Many empirical studies have focused on whether public funding leverages (crowds in) or discourages (crowds out) private giving behavior, finding mixed results. Recent studies suggest the need to examine how nonprofits adjust their fundraising efforts after experiencing cuts or increases in government funding, which can then influence donor behavior.
In this study, the authors conduct an online survey experiment with nonprofit managers to test how nonprofits respond to changes in government funding.
The authors find some evidence that nonprofit organizations would change their fundraising expenses when facing cuts in government funding, yet the authors also find that the change could be either to increase or decrease fundraising spending. Since decisions are made by executive directors, the study also considered how executive personality type as maximizers or satisficers may interact with institutional and environmental constraints in decision-making. When funding goals are met, executives tend to behave as “satisficers” and are unlikely to make significant changes, even when their individual personality is more consistent with being a “maximizer.”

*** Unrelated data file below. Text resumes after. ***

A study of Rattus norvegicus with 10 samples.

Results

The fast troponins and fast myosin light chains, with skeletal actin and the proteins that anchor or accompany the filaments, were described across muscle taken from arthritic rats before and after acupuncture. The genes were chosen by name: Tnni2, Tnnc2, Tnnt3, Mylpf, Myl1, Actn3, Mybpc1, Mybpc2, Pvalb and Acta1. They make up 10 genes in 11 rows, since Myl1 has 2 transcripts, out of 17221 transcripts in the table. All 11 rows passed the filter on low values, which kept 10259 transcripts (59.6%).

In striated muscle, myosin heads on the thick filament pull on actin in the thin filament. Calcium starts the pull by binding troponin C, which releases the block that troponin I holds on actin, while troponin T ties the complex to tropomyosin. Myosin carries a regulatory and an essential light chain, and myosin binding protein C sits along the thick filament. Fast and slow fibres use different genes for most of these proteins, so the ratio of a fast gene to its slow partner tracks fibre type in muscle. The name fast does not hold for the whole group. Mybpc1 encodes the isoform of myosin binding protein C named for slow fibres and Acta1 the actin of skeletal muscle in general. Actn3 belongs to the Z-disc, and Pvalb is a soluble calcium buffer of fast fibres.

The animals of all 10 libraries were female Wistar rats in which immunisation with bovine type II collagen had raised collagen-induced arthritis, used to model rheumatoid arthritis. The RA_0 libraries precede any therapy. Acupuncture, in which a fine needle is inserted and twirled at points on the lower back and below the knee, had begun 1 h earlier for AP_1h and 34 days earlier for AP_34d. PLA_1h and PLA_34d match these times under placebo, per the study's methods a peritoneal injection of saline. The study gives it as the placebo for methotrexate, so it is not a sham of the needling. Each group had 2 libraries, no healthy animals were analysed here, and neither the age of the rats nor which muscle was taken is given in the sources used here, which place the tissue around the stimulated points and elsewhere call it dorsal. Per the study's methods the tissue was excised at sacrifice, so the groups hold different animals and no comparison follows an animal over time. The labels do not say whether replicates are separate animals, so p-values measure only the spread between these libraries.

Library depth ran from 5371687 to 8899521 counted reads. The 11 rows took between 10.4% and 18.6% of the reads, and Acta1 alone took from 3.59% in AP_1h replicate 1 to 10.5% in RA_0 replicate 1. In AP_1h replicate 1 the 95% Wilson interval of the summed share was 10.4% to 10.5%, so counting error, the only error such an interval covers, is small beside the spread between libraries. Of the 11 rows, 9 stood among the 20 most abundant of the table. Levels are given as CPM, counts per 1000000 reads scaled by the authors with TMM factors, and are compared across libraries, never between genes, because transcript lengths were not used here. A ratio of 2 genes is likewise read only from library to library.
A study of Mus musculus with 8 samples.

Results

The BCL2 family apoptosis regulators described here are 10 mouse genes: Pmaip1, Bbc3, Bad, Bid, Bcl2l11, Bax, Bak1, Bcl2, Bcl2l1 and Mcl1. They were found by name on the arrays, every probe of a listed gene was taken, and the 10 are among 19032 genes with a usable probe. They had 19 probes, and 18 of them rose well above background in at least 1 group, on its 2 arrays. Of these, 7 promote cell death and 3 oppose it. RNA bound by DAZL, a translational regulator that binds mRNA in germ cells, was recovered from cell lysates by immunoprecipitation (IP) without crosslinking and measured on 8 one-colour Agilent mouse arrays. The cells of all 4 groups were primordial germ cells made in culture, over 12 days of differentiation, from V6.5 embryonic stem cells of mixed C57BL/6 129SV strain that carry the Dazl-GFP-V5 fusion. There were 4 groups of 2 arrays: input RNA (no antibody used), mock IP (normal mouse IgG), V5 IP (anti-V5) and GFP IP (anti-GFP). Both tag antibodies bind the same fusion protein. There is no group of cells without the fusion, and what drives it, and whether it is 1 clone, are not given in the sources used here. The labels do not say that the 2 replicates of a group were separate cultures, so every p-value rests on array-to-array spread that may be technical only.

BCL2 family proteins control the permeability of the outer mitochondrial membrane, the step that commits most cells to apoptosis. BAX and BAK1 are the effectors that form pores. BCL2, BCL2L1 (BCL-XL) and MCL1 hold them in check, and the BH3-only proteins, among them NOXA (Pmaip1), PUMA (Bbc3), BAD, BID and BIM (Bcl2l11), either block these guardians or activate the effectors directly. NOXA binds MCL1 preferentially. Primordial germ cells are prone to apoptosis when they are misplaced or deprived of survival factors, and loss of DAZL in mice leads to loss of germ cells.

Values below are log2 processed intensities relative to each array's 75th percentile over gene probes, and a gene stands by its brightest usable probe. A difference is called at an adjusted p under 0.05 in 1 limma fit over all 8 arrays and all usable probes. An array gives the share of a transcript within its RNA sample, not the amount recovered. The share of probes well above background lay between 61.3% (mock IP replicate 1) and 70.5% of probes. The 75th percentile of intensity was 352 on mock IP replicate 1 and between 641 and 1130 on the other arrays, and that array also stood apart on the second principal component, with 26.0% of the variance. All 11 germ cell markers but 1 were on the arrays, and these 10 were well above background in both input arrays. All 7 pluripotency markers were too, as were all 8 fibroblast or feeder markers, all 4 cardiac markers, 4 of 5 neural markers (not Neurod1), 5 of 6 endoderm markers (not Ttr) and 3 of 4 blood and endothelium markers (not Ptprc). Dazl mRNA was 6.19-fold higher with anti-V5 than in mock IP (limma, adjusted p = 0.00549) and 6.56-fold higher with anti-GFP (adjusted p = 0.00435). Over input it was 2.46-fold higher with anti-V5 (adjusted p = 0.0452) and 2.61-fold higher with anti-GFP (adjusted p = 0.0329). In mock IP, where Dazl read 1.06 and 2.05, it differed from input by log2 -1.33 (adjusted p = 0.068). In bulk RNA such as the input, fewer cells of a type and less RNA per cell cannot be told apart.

The authors find these results to be the reflection of the current environment in which many nonprofits operate, characterized by pressures to keep operating costs low. The results of the experiment have implications for both funding agencies and nonprofits that strive to enhance the capacity of nonprofit services.
This study is the first attempt to untangle the multilayered relationships between government funding, fundraising, leader preferences and personalities, and donations using an experimental approach with current nonprofit leaders.